Microsoft president Brad Smith called on Congress to take a holistic approach to funding that could close the digital divide.
"The COVID-19 virus has created a national crisis," he blogged, "but it has also created an important opportunity. It’s time to galvanize the nation and recognize the obvious. Broadband has become the electricity of the 21st century."
Smith pointed to the COVID-19 spotlight on lack of rural broadband to call on Congress to do three things to speed that rollout:
First is funding for broadband in the next stimulus bill, he wrote, "so that students and teachers have access to remote learning, people have access to their doctors and other telehealth options, and to help people work from home, file and maintain their unemployment benefits, and apply for jobs online."
Those three are the chief spurs to Congress and the FCC to close the digital divide ASAP since it is unclear how long some degree of shelter-at-home and social distancing will last. Likely until at least a vaccine is available, which looks like the end of the year at the absolute earliest.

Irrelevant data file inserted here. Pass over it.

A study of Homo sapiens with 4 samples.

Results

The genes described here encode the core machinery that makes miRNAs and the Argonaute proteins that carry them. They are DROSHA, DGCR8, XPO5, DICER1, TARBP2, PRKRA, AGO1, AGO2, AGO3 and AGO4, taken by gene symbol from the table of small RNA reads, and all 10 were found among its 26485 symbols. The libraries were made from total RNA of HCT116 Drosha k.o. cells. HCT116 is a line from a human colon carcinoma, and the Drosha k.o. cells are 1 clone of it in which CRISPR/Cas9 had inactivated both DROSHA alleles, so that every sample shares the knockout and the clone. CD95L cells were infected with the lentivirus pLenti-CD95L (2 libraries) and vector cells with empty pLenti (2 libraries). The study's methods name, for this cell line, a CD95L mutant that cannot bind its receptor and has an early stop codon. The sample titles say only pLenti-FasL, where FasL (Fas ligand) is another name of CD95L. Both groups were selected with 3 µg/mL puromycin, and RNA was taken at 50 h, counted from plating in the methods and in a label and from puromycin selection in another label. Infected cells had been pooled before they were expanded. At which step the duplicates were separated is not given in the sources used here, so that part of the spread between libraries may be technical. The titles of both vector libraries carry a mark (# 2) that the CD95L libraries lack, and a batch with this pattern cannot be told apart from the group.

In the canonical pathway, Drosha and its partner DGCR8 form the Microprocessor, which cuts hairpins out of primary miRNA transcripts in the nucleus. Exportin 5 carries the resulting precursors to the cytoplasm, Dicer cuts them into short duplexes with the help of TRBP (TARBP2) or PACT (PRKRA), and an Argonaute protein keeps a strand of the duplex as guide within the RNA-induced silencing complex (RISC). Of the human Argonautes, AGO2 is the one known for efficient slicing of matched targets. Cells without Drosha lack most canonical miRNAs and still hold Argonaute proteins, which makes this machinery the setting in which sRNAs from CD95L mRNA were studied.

Second is getting funds to the FCC so it can fund a congressional mandate to come up with better mapping of where broadband is and isn't. FCC chair Ajit Pai told Congress this week that the FCC needs that money ASAP.
Third is to permanently close the broadband gap via funds that are targeted, technologically neutral, tied to baseline definitions of high-speed no less than the FCC's definition (currently 25 mbps downstream), distributed via competitive bidding, distributed so as not to distort the market, deployed quickly, and with minimum red tape.
Smith said those are the keys to closing the gap.
But Smith did not leave all the work to Congress. It has an ongoing Airband Initiative using TV white spaces to deliver broadband to hard-to-reach rural areas. He says as of March 31, Microsoft has provided 1.2 million people with access in rural, previously unserved, areas, almost twice the number at the end of December. In addition, he said Microsoft was donating hotspots and wireless connectivity as well as "expanding our digital skills offerings by developing COVID-19-specific digital skills offerings for rural communities."